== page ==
Istanbul, February 27, 2020
The Patriarchate of Jerusalem hosted a fraternal gathering in Amman, Jordan yesterday, where representatives from the Churches of Jerusalem, Russia, Serbia, Romania, Poland, and the Czech Lands and Slovakia discussed serious issues of unity and persecution facing the Orthodox Church today.
A press release resulting from the gathering, in which it is stated that inter-Orthodox issues, including the granting of autocephaly, “should be finalised in a spirit of pan-Orthodox dialogue and unity, and with pan-Orthodox consensus,” was published late last night.
The day before the meeting began, Patriarch Bartholomew addressed a second response to Patriarch Theophilos of Jerusalem, again austerely informing him that his initiative to gather his brother primates to discuss matters of Church unity would, in fact, bring serious harm to that unity.
Pat. Bartholomew already sent a stern response to Pat. Theophilos in January, largely focusing on the fact that the primate of Jerusalem chose to write his invitation letter in English.
Patriarch Bartholomew’s extreme displeasure is clear in the second letter as well, such that the Orthodox Times, an outlet funded by the U.S. State Department to “highlight the values we share with Orthodoxy and the Ecumenical Patriarch,” describes every paragraph of the letter as “a slap in the face for the Patriarch of Jerusalem.”
“We are unable to comprehend the fact that His Beatitude [Pat. Theophilos—Ed.] underestimates, or even ignores the extent of the negative repercussions emanating from this initiative,” Pat. Bartholomew writes.
“My pain is growing because of the harm inflicted not only upon the Church of Constantinople, but also the Church of Jerusalem, and upon Orthodoxy as a whole,” writes the First Among Equals, emphasizing that Pat. Theophilos’ initiative aims only at “subverting the established norms and alienating the Orthodox Church from its ecclesiastical foundations.”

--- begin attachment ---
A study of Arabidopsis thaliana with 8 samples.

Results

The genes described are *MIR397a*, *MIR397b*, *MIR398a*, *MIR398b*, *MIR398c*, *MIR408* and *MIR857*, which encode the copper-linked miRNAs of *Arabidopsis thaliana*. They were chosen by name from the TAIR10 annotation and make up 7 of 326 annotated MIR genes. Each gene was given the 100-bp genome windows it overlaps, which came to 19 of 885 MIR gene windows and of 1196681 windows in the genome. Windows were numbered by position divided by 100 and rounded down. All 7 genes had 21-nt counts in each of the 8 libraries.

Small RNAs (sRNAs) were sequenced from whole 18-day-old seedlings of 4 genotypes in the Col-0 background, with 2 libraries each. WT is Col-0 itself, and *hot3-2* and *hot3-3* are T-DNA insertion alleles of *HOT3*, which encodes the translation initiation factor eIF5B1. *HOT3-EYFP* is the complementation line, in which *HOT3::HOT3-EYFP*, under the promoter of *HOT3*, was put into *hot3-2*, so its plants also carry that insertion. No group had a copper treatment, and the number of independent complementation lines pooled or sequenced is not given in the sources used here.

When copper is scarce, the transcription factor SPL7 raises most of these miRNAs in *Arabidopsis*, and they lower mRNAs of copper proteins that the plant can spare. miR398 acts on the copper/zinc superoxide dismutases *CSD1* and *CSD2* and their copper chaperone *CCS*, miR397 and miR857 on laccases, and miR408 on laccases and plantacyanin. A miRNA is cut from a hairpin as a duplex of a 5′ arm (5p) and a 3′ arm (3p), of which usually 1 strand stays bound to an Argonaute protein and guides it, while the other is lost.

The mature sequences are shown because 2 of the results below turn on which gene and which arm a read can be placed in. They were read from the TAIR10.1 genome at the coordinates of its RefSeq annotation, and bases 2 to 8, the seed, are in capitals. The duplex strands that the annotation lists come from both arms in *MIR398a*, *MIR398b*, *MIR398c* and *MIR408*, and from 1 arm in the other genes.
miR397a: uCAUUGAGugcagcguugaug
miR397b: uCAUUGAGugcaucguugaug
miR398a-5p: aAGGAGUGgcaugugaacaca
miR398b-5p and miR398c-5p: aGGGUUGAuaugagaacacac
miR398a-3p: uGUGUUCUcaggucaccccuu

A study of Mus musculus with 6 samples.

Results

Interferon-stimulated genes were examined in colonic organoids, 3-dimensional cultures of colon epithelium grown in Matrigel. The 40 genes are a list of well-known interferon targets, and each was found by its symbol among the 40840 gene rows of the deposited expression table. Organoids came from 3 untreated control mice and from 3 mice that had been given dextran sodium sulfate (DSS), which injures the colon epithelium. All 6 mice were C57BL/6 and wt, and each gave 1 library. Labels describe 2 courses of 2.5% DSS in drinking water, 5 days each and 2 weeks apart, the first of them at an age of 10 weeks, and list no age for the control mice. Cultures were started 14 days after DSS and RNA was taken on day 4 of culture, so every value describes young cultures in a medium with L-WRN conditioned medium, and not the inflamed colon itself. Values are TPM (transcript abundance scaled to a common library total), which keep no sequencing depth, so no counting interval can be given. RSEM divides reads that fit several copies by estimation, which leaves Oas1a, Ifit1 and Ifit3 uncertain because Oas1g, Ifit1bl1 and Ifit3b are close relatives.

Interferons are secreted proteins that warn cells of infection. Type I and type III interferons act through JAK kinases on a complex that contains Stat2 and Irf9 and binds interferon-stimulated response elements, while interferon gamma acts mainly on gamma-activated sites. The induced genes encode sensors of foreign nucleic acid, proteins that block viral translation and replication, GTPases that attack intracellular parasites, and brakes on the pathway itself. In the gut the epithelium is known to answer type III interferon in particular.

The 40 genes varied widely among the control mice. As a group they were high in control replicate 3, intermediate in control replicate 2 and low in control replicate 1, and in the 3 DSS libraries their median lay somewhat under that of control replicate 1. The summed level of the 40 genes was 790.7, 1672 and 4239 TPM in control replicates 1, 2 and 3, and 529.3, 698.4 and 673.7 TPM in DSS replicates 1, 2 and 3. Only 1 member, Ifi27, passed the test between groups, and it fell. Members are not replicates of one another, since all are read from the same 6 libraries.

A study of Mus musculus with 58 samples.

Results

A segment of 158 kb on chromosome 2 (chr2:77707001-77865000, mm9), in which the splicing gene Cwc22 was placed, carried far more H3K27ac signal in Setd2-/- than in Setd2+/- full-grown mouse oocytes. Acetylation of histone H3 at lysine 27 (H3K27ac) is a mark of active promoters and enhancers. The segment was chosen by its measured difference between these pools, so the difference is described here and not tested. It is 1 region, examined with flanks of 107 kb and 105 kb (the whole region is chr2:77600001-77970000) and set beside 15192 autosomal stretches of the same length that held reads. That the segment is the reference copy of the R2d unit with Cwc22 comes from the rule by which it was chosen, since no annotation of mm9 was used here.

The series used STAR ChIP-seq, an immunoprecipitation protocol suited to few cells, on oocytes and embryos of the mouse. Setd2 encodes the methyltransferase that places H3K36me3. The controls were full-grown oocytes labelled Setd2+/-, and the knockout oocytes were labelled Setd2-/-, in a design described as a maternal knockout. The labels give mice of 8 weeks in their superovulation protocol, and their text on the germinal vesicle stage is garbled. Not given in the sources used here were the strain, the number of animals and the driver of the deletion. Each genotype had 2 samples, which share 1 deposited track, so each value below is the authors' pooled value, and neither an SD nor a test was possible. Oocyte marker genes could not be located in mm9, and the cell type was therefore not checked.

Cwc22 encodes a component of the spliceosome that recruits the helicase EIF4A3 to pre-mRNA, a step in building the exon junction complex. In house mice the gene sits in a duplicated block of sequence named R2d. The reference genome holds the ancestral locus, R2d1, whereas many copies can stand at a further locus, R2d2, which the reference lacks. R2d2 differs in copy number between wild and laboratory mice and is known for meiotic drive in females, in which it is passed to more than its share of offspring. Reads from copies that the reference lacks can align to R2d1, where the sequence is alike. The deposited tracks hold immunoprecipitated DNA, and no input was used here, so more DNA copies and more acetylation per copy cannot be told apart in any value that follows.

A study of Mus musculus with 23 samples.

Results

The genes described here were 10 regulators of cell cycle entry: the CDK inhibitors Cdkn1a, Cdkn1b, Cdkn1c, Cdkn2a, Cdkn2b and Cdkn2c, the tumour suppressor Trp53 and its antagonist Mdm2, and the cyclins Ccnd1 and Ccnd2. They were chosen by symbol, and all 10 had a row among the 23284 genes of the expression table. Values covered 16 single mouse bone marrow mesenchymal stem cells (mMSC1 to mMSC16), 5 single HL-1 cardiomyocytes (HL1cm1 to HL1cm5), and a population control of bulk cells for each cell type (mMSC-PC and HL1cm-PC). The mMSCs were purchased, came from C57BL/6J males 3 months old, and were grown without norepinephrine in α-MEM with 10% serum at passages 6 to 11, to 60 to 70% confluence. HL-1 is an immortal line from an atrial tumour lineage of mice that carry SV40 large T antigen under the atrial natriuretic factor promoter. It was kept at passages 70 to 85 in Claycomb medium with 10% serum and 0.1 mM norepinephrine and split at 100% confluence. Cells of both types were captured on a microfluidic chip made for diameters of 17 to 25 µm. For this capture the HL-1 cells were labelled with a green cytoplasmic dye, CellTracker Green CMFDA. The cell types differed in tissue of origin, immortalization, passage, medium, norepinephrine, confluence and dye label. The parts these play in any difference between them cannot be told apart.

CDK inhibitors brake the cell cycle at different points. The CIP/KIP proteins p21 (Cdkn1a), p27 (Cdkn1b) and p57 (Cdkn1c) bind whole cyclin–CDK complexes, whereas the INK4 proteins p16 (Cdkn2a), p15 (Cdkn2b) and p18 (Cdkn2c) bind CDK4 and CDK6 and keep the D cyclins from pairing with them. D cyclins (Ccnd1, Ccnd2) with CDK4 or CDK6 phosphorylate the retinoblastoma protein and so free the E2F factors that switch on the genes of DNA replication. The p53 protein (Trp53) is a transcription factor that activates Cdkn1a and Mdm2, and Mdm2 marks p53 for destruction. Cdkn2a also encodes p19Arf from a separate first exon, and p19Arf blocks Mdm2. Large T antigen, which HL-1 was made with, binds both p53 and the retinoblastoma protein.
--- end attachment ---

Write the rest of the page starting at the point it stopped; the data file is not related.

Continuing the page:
While the fraternal gathering in Amman emphasized that questions of autocephaly should be resolved on a pan-Orthodox level, as opposed to Constantinople’s unilateral actions in Ukraine, Pat. Bartholomew pinpoints the problem as being the Russian Church’s refusal to recognize the autocephaly of the so-called “Orthodox Church of Ukraine,” “while having the Russian Federation by its side.”
“Numerical superiority has never been the quintessence of Orthodox morality—it has a qualitative rather than quantitative dimension,” the Patriarch of Constantinople added.
Recall that to date, 12 of the 15 canonical Local Churches have refused to recognize the schismatic OCU, not just the Russian Church.
If the Patriarch of Jerusalem had genuine concerns about “the challenges facing Orthodox society in critical times,” then he should have turned to the Patriarchate of Constantinople to address any issues that had not been handled at the Crete Council in 2016, “and we strongly believe that there would be an agreement,” Pat. Bartholomew writes.
“Of course we are concerned over the issue of pan-Orthodox unity,” the Patriarch of Constantinople adds, “but the Church is not an unstructured body without institutions.”
Recall that voices from within every Local Church, whether its Holy Synod, primate, or other hierarchs, have addressed Patriarch Bartholomew to address the Ukrainian issue and larger issues of Church unity, while Pat. Bartholomew has refused.
On December 31, 2018, Pat. Bartholomew specifically told His Beatitude Patriarch John of Antioch that he will not address the Ukrainian issue with his brother hierarchs precisely because it will only result in disagreement: “The Ecumenical Patriarchate has good reason to refrain from such a meeting at the Pan-Orthodox level, which would be useless inasmuch as it would only lead to agreement that the participants are in disagreement with each other.”